An insider’s look at the evolution of the Choice Scholarship Program

By John Elcesser, Indiana Non-Public Education Association

Special to The Message

Editor’s note: This is part of our series on the 10th anniversary of Indiana’s Choice Scholarship Program.

The Indiana Non-Public Education Association has been around since long before Indiana ever considered any type of school-choice program. At INPEA’s inaugural meeting in 1974, school choice wasn’t even a thought, let alone a topic on the agenda. Now, 47 years later, school choice has become a key area of focus for the INPEA staff and board.

I came to Indiana in 2008 to serve as INPEA’s executive director after serving as a Catholic school superintendent in the Diocese of Wheeling-Charleston, West Virginia, and the Diocese of Richmond, Virginia. In my role as superintendent, I testified several times on legislation that impacted non-public schools, including a small school choice tax credit bill.

When I arrived in Indiana, I learned quickly that school choice was going to be a priority. One of the first lunch meetings that my mentor, Glenn Tebbe, former executive director of the Indiana Catholic Conference, scheduled was with a group of school-choice advocates that had formed a coalition group called School Choice Indiana. I learned at that meeting that, for years, interested individuals and groups had been laying the groundwork for a private-school-choice movement in Indiana. The General Assembly had already passed Charter-school legislation in 2001. 

I had quite a learning curve to overcome in understanding school choice and the legislative process. With mentors and supportive coalition partners, I jumped right in as the plan was to pass scholarship tax credit legislation during the 2009 legislative session. Consensus wasn’t easy but essential to our strategy.

Tebbe and I served as the voice for non-public schools as the legislation was being crafted. It was critical that any program developed did not impinge on the mission of our schools, especially faith-based schools. We knew there would be lots of give and take, but our mantra became, “Don’t mess with our mission.” 

School choice is based in the central belief that all families deserve to send their children to the school that’s the right fit for them, no matter their income or where they live. It aligned directly with the beliefs of faith-based schools, especially our Catholic schools.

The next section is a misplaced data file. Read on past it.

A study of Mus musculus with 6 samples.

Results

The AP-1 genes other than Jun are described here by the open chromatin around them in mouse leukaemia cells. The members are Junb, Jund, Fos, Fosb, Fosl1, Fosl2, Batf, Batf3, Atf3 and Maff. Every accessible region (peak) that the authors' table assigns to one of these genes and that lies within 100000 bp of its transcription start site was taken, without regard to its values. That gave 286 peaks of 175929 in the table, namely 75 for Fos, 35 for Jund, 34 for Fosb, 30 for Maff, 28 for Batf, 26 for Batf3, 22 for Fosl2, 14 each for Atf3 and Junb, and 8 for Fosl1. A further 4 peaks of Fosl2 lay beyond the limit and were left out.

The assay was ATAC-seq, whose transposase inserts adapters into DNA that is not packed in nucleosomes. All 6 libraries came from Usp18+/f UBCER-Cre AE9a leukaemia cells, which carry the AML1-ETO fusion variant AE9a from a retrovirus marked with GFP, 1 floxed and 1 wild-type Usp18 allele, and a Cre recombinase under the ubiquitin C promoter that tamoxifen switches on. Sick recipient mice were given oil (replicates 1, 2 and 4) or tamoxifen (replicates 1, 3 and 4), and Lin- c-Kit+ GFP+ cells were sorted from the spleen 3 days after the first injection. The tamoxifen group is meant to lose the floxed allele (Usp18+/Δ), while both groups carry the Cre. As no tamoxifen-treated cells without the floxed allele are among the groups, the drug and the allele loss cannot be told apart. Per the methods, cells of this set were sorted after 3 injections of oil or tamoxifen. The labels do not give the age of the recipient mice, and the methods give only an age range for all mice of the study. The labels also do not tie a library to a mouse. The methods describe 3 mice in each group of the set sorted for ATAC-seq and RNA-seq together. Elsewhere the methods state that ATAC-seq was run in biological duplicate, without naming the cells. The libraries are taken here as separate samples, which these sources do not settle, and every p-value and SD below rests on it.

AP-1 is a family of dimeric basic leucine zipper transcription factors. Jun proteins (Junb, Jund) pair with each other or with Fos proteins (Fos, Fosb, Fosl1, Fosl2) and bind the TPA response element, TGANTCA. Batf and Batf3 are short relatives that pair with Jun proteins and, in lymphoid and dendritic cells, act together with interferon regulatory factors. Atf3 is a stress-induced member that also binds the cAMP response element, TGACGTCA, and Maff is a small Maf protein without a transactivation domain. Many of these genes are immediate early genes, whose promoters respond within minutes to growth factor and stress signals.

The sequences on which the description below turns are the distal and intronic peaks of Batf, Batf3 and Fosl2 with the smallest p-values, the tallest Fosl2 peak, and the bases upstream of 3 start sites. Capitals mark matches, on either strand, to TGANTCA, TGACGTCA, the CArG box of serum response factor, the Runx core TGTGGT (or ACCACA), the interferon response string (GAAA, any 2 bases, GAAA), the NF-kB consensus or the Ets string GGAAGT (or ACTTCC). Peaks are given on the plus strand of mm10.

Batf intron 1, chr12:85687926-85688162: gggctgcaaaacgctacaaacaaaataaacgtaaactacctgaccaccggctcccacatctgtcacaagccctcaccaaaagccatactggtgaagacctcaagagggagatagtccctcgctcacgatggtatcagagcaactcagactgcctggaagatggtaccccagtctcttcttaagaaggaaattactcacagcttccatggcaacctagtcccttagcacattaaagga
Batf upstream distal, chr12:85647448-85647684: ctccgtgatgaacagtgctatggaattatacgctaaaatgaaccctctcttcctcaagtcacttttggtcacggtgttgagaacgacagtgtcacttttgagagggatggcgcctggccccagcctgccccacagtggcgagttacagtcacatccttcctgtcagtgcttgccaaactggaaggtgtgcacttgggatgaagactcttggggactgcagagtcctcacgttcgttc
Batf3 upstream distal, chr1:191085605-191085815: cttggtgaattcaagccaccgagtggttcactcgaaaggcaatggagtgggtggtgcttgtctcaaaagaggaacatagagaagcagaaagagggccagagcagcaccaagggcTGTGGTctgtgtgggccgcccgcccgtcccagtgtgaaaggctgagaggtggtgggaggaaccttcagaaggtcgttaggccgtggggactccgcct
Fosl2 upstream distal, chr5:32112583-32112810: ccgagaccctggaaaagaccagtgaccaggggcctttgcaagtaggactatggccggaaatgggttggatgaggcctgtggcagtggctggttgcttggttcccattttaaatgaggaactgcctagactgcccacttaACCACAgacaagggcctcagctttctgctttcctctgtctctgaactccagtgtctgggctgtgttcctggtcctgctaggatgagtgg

Catholic social teaching speaks to a preferential option for the poor. In addition, we believe that parents are their children’s primary teachers. They know best what school is right for their child, not some edict from the government based on zip code.

In 2009, we successfully passed Scholarship Tax Credit legislation; and shortly after, we shifted focus to providing even greater opportunities for families through a statewide voucher program. I’m often asked how we were successful in passing vouchers in 2011. My answer is always, “We had the three Cs.” To be successful we needed Champions, Coalitions and Community (grassroots) support.

At the time, we heard the same outcry from public school advocates that we’re hearing today. “School choice will destroy public schools! You’re taking ‘our’ money! Non-public schools aren’t accountable!” 

As we celebrate the 10th anniversary of the Choice Scholarship (Voucher) Program, the public school system has not been destroyed. As a matter of fact, public schools have continued to improve over the last 10 years.

It’s been interesting to witness the school-choice debate over the years. Consistently, the message of choice opponents is about preserving institutions and protecting money. While proponents of choice have focused on what’s best for the students involved. Every student deserves to be in a school where they can be successful, regardless of whether that’s public, charter or non-public. 

As we now look to the 270,000 students who have benefitted from this program over the past 10 years, many will attest that these programs have changed their lives. We’re entering the final days of the 2021 General Assembly session, and for those of us who have witnessed its impact, we are simply trying to provide those same life-changing opportunities to more families for the betterment of all Hoosiers. 

When you hear that familiar outcry from Choice naysayers, just remember it’s all about the kids!